AthFest: Patterson's 'hood

Patterson Hood's Drive-By guide to Athens

Music Feature1 1 06 2
Photo credit: Danny Clinch Athfest
HOME ON THE RANGE: Patterson Hood of Drive-By Truckers and the Whigs headline AthFest.

"Just when you think it's over around here, there's a new crop of bands that come up, seemingly from nowhere," says Patterson Hood of the evergreen Athens music scene. "I still get amazed when I stumble on things that just blow me away, right here in my back yard. That's why I love this town and that's why I stay here."

Since AthFest is on the way, and his band, the internationally known Drive-By Truckers, closes out the event Sunday night, CL asked Hood to be an informal tour guide for the horde of hungry (and thirsty) Atlantans planning to drive over to the annual music-and-arts festival.

He certainly knows the road between the two cities. The Alabama native almost made Atlanta his home back in '94. "I was driving back and forth from Alabama, hunting for a job in Atlanta," he recalls. "But a job came open in Athens. I thought, 'Well that's close enough.' And here I am, still."

"Athens is only 50 miles away, but the 'getting here' from Atlanta can be such a pain in the ass," he says. "[Ga.] 316 is a nightmare. Some times of the day, you're almost better off just coming up [Ga.] 78 and goin' through Stone Mountain. But don't speed, because it's all speed traps."

To fully enjoy the fest, Hood recommends fans buy a $15 wristband. The outdoor stage entertainment is free, but more than 75 percent of the scheduled music happens in the clubs after the main stage shuts down. "You can park your car and just wander around from place to place, and that's the beauty of Athens. If you don't like what's playing one place, you might like the next place."

Visitors can walk the same streets the fledgling Hood once trod, as he looked for gigs. "When I got here, my first gigs were the bottom of the bottom" he says. "I even played this big, cavernous pizza place where I think the Winery is now (429 E. Broad St.). And I'd be doing, like, 'Nine Bullets' and you'd hear 'No. 43, pepperoni and extra cheese.'"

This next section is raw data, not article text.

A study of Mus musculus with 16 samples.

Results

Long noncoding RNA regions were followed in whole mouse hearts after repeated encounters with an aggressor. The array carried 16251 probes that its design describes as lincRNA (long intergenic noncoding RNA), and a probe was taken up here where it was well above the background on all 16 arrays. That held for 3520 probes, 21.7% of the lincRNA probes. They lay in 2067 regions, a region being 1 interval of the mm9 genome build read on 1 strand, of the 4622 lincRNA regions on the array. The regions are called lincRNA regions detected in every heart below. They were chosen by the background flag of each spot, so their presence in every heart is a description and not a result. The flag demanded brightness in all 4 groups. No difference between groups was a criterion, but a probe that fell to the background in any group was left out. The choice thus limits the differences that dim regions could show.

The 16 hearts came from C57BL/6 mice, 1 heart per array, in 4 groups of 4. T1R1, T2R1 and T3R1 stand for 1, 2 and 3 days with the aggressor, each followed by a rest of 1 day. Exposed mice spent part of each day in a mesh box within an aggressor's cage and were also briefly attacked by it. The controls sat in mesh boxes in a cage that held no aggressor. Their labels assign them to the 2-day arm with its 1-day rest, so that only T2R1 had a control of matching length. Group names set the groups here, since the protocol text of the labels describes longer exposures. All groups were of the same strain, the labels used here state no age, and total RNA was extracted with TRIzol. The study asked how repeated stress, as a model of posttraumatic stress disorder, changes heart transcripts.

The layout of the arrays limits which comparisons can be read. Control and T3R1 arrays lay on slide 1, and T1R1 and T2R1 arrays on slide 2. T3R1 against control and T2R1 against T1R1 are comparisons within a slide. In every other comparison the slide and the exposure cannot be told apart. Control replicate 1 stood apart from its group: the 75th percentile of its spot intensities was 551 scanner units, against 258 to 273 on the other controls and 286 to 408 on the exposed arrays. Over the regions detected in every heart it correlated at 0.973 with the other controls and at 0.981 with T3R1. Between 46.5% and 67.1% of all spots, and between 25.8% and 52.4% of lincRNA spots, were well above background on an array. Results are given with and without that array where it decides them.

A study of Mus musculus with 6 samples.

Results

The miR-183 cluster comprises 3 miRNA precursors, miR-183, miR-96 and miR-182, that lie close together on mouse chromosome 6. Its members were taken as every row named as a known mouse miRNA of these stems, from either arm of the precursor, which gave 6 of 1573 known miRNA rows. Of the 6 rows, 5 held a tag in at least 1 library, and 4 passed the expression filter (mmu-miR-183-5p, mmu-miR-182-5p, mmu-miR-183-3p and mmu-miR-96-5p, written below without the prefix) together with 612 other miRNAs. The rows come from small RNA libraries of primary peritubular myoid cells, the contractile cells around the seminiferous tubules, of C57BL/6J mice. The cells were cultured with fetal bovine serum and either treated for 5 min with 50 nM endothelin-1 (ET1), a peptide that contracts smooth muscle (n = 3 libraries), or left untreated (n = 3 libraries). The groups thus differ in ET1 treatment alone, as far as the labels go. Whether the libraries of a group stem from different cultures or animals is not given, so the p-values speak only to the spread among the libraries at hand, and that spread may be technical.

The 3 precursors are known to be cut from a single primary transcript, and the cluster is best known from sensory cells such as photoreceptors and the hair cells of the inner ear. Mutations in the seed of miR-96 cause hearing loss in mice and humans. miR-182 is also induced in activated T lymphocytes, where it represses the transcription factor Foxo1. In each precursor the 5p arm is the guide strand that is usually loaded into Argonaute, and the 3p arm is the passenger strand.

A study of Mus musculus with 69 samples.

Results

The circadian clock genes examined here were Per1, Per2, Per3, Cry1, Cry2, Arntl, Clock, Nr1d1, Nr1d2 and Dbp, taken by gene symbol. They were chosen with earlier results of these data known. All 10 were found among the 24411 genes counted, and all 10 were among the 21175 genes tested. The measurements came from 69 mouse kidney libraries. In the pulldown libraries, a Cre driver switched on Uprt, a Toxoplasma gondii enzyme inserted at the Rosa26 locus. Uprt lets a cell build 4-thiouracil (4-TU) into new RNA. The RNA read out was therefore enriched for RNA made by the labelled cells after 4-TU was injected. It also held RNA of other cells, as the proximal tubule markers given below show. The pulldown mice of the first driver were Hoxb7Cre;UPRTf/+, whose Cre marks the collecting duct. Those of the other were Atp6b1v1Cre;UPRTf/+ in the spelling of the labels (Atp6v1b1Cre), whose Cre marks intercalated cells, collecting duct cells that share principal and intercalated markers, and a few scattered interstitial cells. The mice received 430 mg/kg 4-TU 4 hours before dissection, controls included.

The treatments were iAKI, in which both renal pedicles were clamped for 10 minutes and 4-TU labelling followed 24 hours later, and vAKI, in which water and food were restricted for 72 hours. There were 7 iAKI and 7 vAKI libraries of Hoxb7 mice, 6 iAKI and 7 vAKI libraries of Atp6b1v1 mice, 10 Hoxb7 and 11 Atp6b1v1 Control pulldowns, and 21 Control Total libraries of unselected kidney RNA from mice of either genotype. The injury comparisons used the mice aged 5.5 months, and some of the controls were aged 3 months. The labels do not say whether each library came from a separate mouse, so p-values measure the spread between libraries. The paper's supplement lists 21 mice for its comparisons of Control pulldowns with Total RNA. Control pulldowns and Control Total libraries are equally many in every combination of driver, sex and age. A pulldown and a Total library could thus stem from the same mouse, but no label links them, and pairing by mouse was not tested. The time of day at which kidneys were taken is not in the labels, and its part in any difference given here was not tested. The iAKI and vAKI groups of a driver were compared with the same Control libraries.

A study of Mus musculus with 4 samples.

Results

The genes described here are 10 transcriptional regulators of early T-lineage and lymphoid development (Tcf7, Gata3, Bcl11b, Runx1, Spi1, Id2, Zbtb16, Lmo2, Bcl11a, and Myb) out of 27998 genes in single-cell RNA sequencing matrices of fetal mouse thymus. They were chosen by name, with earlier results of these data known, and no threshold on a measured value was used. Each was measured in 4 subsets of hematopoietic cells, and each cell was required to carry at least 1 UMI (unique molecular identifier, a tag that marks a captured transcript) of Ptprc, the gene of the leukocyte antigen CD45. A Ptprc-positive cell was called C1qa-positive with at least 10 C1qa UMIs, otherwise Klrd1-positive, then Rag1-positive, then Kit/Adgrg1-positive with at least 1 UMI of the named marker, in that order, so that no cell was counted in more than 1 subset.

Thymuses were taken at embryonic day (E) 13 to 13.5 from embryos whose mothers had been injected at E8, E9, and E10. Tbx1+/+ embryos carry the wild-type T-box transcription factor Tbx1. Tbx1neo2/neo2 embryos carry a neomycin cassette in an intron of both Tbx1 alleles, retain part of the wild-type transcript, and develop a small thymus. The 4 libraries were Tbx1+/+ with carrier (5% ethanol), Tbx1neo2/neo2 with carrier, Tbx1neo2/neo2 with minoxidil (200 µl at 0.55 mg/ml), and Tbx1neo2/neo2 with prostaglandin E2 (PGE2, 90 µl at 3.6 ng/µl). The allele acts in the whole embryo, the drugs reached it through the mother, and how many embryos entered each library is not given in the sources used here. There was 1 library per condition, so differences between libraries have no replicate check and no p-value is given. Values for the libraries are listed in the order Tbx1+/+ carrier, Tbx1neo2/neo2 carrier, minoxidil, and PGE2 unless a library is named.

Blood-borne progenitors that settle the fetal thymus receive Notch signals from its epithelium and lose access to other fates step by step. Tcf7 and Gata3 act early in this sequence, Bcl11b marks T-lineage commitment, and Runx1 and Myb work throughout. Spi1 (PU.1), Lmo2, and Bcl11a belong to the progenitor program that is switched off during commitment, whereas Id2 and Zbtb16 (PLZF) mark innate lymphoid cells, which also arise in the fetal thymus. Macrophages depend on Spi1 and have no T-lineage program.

"When I moved here, Jack Logan (Flicker, Friday, 10:30 p.m.) had just put out Bulk, and it just blew my mind. [Producer, musician] David Barbe (Flicker, Friday, 11:30 p.m.) was in Sugar then, and I started realizing that his name was on half the local records I'd get." Barbe and Hood recently collaborated on the upcoming album for soul legend Bettye LaVette.

Hood also recently worked in the studio with Don Chambers and GOAT (Flicker, Friday, 12:30 a.m.), co-producing their new record. "Don's got some really good new songs and a kick-ass band. Bo Bedingfield came from nowhere. I just flipped over his record."

He adds that the Truckers are playing the main stage, which is located just outside the front door of the 40 Watt (285 W. Washington St.). Hood used to be in charge of monitors there, and his band shot a live concert DVD there. For clubs, Hood recommends staying on the hip Washington Street side of town including the Georgia Theatre (215 N. Lumpkin St.). "And just out the street from the Theatre," he smiles, "are record stores."

For record geeks visiting Athens, Hood suggests the selection at Wuxtry (197 E. Clayton St.), a cramped-but-bustling mecca for music collectors. "Upstairs there's a lot of cool old vinyl, and you can find stuff really cheap." Even farther down Clayton Street, just a block past the former location of the High Hat where Hood once worked as a soundman, stands Schoolkids Records (264 E. Clayton St.). "I have to go in there and force myself not to gawk at Ross Shapiro," he says, referring to the frontman of much-lauded Athens band the Glands. "Their second record is one of my all-time favorites – definitely desert-island stuff."

Record hunting can make a man hungry, so where to? "The Grit (199 Prince Ave.) is the definitive Athens restaurant," Hood says without hesitation. "Three-fourths or more of the people who work there are in a band or the art scene, and it's within walking distance of the main stage so you can keep the same parking place. It's vegetarian, but even carnivores like me love it."

And don't forget the drinks. "The Manhattan (337 N. Hull St.) and Flicker (263 W. Washington St.) are good drinkin' holes," he says from experience. "And Flicker has music going for AthFest, too. Really, there's a band in about every corner of every place during AthFest and that's part of the charm."

The Drive-By Truckers will have a bunch of new songs ready when they hit the main stage 7 p.m. Sunday. "We'll be going into the studio the next day to work on our new record, so we're gonna be ready to rock," he promises, adding that legendary Southern soul songwriter Spooner Oldham may be sitting in with the band on keyboards.

Be careful heading back to Atlanta after the Truckers close AthFest, Hood warns. "Get a cheap motel so you don't have to drive back to Atlanta drunk on 316. Someday, hopefully we'll have a rail system to connect the two towns. Man, that'd be great. Get on the train, get off in downtown Athens, hang out for a weekend, then get home in time to go back to work."